Fraud occurs when a person or business intentionally deceives another with promises of goods, services, or financial benefits that do not exist, were never intended to be provided, or were misrepresented. Typically, victims give money but never receive what they paid for.
Fraud can be committed through many media, including mail, wire, phone, and the internet (computer crime and internet fraud). According to a Department of Justice report as many as 24 million people in the United States are victims of fraud crimes each year.
On an international level, internet fraud has skyrocketed due to the global expansion of the internet. Contributing factors of this growth in recent years has been the ease of which users can hide their locations, the difficulty of checking identity and legitimacy online, and the simplicity with which hackers can divert potential victims browsers to dishonest sites in order to steal credit card and other valuable information.
Unreported Fraud Crimes
Although fraud victims are not alone, they often suffer their losses alone and in silence. Shame, guilt, embarrassment, and disbelief are among the reasons that only an estimated 15% of the nation's fraud victims report their situation to law enforcement.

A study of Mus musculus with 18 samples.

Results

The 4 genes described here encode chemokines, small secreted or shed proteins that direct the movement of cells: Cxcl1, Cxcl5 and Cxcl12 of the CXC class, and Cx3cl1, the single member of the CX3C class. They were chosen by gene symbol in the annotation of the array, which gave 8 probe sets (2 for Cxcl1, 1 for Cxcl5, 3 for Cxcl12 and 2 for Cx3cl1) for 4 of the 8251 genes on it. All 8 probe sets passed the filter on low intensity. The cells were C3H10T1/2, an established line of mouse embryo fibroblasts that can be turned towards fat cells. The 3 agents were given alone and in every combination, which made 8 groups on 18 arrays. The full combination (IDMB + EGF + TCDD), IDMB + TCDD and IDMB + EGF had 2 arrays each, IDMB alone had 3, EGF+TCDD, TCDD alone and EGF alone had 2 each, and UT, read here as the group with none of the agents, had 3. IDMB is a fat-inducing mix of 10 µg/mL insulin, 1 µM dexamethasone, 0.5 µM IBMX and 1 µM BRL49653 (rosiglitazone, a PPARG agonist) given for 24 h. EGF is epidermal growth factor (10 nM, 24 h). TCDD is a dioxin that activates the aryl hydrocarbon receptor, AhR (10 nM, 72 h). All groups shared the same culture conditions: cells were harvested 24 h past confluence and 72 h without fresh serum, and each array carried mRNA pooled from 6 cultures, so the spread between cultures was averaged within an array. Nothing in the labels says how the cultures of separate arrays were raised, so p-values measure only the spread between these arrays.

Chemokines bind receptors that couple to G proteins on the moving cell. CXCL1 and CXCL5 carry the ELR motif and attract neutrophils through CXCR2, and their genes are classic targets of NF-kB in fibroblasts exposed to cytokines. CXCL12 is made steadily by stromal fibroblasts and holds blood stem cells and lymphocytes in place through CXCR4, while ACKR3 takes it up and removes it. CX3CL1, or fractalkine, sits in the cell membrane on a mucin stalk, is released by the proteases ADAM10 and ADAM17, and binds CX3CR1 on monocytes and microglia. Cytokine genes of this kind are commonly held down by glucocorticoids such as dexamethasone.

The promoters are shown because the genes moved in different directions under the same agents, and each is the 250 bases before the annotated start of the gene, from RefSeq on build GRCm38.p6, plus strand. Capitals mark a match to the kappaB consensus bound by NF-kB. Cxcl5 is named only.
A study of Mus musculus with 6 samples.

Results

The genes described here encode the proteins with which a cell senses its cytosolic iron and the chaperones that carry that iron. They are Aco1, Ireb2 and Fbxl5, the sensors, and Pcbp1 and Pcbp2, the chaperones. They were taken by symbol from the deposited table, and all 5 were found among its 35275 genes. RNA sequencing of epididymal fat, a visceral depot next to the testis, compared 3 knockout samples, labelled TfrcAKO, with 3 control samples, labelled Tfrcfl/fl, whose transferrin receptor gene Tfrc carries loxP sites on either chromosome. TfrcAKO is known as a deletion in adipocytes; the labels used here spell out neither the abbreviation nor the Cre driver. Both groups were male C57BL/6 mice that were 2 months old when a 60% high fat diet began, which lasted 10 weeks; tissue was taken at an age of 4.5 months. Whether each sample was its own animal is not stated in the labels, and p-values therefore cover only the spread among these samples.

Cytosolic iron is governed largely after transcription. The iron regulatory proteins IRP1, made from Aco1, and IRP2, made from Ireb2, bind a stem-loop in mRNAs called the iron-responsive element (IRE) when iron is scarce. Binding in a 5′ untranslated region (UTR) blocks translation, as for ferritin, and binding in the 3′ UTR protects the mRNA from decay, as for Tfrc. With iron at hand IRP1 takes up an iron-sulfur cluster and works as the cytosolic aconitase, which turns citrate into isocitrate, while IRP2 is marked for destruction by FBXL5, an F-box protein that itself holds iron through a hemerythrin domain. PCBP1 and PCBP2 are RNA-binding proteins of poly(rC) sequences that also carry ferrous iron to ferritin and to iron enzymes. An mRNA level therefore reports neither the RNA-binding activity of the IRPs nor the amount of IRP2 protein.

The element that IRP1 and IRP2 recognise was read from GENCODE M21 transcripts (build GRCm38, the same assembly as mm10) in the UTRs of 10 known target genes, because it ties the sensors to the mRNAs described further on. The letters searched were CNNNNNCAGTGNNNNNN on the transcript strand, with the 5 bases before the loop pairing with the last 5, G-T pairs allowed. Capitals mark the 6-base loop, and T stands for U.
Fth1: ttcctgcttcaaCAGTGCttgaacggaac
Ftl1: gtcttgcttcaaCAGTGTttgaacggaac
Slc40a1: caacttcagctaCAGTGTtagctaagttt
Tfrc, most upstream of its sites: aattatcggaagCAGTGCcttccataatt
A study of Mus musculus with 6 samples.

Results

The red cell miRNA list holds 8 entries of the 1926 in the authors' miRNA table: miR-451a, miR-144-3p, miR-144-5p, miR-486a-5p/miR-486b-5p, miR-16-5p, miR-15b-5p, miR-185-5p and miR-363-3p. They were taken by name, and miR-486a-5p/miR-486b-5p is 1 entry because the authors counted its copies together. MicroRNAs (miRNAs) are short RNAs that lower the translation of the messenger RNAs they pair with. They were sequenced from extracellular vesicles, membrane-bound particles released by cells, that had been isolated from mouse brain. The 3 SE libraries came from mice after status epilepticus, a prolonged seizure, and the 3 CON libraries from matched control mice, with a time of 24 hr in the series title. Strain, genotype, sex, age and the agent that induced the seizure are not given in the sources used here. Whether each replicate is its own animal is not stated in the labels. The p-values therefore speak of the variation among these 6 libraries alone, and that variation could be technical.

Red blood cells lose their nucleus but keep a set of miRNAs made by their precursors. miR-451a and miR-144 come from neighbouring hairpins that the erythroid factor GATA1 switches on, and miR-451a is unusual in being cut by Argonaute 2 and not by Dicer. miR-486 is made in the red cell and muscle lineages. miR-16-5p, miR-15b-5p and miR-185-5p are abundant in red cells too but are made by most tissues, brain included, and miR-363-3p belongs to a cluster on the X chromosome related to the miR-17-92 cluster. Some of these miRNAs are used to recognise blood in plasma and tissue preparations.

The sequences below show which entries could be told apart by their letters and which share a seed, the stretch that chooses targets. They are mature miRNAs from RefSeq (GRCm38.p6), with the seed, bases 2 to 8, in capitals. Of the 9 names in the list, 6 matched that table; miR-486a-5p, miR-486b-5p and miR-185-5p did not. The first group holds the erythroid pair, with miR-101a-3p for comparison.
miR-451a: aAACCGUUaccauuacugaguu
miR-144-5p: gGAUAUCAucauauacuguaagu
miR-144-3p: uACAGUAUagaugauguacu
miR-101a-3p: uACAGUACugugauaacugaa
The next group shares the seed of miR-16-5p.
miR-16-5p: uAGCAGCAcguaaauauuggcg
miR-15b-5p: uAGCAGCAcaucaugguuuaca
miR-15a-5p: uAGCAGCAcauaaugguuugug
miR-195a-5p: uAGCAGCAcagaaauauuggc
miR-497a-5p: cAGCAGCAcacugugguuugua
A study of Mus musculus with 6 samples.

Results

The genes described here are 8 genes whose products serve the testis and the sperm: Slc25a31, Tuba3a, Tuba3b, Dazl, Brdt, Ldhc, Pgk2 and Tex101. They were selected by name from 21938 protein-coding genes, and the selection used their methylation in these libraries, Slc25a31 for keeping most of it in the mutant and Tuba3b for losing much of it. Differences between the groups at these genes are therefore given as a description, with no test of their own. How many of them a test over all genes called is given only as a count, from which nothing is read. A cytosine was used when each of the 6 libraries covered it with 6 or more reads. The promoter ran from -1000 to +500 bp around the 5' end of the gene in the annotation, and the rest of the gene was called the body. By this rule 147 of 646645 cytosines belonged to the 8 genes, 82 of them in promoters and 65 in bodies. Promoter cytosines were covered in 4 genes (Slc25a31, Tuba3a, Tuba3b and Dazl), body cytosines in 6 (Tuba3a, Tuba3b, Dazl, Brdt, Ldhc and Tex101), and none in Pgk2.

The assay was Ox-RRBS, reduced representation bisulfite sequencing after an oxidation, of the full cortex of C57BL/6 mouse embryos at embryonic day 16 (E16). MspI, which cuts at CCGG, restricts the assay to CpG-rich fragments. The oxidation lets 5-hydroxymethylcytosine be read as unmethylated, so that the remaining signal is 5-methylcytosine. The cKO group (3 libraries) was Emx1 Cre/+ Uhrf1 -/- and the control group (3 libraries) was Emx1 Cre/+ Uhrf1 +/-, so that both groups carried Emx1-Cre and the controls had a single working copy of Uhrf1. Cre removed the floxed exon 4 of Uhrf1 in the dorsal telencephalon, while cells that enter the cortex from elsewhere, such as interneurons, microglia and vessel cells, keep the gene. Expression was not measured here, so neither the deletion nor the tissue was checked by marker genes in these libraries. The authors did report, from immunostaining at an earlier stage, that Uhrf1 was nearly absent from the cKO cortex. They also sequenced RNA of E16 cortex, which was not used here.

Other reasons include victims' doubt about their own judgment, a sense of betrayal, and fears about how their family members, friends, and business associates will react. Some victims feel that their losses are not large enough to report, do not want to get involved, think law enforcement agencies will not take the crime seriously, or think nothing will result from reporting the crime.
Many victims feel they have only themselves to blame. In reality, calculating, skilled perpetrators are to blame for these criminal acts.
Committing Fraud Crimes
Like their victims, fraud criminals vary educationally, socially, geographically, and financially. The image of fly-by-night con artists depicted by the media does not describe most fraud criminals. Most con artists make a career out of their criminal activities. Some even join professional organizations to legitimize their schemes and project a respectable front.